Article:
Gerad Argeros would like to be heard.
I would like Gerad Argeros to be heard.
Because Gerad Argeros nearly blew his top last weekend over Catholic Church efforts in Pennsylvania to evade, yet again, the full consequences for its systemic, criminal cover-ups of child sexual abuse.
This column is for the men in charge of the Pennsylvania Senate. They are duty-bound to hear more than insurance lobbyists and bishops who wave a cudgel in one hand while clutching a rosary in the other.
Attention must be paid to the little guy screaming in the corner.
Gerad is 47 years old. He was abused by one of the most brutal pedophile priests in the Archdiocese of Philadelphia, the Rev. James Brzyski. So were 100 or more other kids. Brzyski devastated a generation of altar boys at St. Cecilia's Church in Fox Chase.
Gerad has no lobbyists on staff. He has no staff. He has never met Senate President Joe Scarnati of Jefferson County (population 45,000), or Majority Leader Jake Corman (dynastic political son from the Penn State region).
He's just a guy who was raped by a priest who got away with it. Over the past weekend, a text message popped up on Gerad's smartphone in Brooklyn, where he lives with his wife and children. A relative had just gone to Mass at St. Cecilia's, the Northeast Philadelphia church where Gerad and so many others had been abused in the early 1980s.
The text showed a letter from the Archdiocese of Philadelphia's current leader, Archbishop Charles Chaput — a letter stuffed into the church bulletin.
Chaput is the prelate who has fought for years against changing the civil statute of limitations so that child sex-abuse victims can sue for what happened to them years ago. He has spared the church treasury the cost of justice and has been trying, in the wake of August's grand jury report into clergy abuse across Pennsylvania, for a repeat win.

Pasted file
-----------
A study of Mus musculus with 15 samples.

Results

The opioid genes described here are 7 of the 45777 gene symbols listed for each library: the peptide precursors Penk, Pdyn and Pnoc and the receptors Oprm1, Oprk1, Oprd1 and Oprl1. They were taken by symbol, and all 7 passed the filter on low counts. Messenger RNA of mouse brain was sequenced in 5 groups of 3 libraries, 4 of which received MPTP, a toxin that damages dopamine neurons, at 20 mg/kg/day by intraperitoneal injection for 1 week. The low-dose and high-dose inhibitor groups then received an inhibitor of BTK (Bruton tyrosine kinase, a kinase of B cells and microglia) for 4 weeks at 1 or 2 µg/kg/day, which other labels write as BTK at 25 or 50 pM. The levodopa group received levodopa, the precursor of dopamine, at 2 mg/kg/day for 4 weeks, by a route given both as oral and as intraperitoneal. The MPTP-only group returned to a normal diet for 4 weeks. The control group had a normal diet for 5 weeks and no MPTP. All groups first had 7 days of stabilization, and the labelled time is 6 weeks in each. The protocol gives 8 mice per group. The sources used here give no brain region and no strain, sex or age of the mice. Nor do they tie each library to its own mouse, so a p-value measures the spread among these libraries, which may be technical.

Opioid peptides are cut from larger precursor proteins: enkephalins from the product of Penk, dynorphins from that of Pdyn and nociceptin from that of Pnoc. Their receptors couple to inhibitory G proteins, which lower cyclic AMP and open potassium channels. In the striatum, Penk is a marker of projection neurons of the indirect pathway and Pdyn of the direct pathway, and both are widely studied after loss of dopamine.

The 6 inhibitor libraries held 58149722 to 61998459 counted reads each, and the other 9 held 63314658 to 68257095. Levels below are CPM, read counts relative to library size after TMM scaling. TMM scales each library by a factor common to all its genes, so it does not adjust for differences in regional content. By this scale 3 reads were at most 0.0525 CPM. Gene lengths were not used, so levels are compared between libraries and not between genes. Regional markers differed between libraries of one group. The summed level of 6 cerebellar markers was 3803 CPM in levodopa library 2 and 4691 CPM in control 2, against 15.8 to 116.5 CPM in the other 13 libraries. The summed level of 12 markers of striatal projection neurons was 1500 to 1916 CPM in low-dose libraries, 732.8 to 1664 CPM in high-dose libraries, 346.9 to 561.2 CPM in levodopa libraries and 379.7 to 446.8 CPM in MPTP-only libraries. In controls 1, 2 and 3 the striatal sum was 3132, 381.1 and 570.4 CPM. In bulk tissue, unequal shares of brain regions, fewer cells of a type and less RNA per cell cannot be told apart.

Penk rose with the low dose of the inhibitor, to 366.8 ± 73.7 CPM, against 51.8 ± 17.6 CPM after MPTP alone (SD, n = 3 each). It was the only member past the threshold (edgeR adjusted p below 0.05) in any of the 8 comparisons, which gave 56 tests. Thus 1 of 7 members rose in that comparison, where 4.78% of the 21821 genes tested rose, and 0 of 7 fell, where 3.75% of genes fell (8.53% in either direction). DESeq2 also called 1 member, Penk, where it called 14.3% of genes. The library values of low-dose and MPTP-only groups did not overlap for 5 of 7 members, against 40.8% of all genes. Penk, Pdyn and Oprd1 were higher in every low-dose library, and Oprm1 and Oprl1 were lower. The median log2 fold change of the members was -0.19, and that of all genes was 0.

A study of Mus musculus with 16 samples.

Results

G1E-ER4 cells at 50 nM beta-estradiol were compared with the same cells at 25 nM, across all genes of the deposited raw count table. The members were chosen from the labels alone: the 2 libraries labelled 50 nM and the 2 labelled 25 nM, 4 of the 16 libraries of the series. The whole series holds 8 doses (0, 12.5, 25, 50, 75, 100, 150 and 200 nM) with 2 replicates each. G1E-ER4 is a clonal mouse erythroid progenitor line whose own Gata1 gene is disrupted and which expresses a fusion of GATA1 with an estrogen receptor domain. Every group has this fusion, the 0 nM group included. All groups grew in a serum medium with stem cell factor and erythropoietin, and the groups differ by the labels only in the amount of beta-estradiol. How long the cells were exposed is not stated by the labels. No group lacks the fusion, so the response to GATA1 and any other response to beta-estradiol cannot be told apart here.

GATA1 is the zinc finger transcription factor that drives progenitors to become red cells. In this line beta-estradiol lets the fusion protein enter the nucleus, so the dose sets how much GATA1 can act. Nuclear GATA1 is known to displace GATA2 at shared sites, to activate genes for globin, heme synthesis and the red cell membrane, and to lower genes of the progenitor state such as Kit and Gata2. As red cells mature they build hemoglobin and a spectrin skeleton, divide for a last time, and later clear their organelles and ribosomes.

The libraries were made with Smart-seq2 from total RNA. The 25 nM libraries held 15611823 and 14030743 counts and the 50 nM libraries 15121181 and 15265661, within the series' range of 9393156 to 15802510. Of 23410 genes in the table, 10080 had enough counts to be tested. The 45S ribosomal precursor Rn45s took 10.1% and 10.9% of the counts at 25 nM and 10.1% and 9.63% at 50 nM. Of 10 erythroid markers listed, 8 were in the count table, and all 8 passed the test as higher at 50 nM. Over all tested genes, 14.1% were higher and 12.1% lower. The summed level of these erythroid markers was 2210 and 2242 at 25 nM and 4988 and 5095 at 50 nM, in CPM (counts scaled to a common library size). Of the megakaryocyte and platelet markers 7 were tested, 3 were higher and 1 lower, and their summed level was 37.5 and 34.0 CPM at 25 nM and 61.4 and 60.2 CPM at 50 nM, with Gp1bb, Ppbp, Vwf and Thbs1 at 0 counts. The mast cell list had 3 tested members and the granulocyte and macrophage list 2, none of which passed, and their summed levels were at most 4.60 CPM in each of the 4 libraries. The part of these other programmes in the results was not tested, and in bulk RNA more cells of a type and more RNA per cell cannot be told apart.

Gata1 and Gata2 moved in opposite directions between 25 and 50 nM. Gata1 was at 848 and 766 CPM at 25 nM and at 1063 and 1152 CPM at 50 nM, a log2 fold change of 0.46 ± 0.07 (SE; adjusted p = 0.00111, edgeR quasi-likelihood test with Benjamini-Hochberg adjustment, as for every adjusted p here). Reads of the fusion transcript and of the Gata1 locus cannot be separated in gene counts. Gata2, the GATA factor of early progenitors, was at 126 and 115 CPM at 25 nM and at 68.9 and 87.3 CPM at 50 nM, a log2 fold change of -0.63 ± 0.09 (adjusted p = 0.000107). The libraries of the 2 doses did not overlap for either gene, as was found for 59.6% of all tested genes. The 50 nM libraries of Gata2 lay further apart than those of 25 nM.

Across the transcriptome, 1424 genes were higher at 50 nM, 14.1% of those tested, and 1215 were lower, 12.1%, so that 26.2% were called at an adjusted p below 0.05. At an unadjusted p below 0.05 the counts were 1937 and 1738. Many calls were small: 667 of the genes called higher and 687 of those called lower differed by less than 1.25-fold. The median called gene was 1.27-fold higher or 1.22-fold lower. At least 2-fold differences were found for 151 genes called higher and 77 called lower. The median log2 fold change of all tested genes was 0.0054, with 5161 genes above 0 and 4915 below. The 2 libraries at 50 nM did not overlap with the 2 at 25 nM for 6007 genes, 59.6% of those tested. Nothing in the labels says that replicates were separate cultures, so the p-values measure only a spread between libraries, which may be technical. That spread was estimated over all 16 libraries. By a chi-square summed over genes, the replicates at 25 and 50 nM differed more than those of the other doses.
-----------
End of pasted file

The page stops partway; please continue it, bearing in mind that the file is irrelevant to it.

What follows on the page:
"The bishops of Pennsylvania deeply regret the suffering of survivors and have committed to voluntarily helping abuse victims whose claims are time-barred," Chaput wrote. He warned that a proposed civil statute-of-limitations change, approved by the House and now before the Senate, would bankrupt the church. He noted that bishops are instead proposing a compensation fund, the details of which no one has publicly shared.
"… This course of action will require extraordinary Church resources," Chaput wrote, "but it can avoid the bitter litigations and diocesan bankruptcies that will follow any destructive changes in the statute of limitations."
This is the very definition of audacity: issuing a plea for mercy in the very church where altar boys were raped, and bishops covered it up. Gerad had the same reaction when we talked Wednesday.
"I wanted to get in a car and get there for the next Mass and stand up in the middle of Mass and disrupt the party line and say: 'Wait a second. Let's all take a walk through the sanctuary and into the changing room where the altar boys used to change. I want to show you the spot. I want to show you the –ing spot,' he said, his voice cracking, 'and then we'll talk more about what would be the right thing to do for me.' "
I wrote about the horrors of St. Cecilia's last year. How Cardinal John Krol learned of the pedophilia by Brzyski, but the archdiocese ordered it concealed from parishioners. How no one told police. How Brzyski skipped town, the criminal and civil statutes of limitations ran out, the church could no longer be sued, and the archdiocese for years refused to say if it knew where this monster had gone.
I found Brzyski in Dallas. He opened his door, and I told him that the boys from St. Cecilia's still remembered him. I told him how one boy, Jim Cunningham, a respected counselor and public figure in Bucks County, had just hanged himself a few months earlier, blaming Brzyski before taking his life.
"Oh no," Brzyski said, and slammed the door shut.
The church slammed shut the door to justice for decades. It would be criminal if lawmakers helped them do the same one more time in Pennsylvania.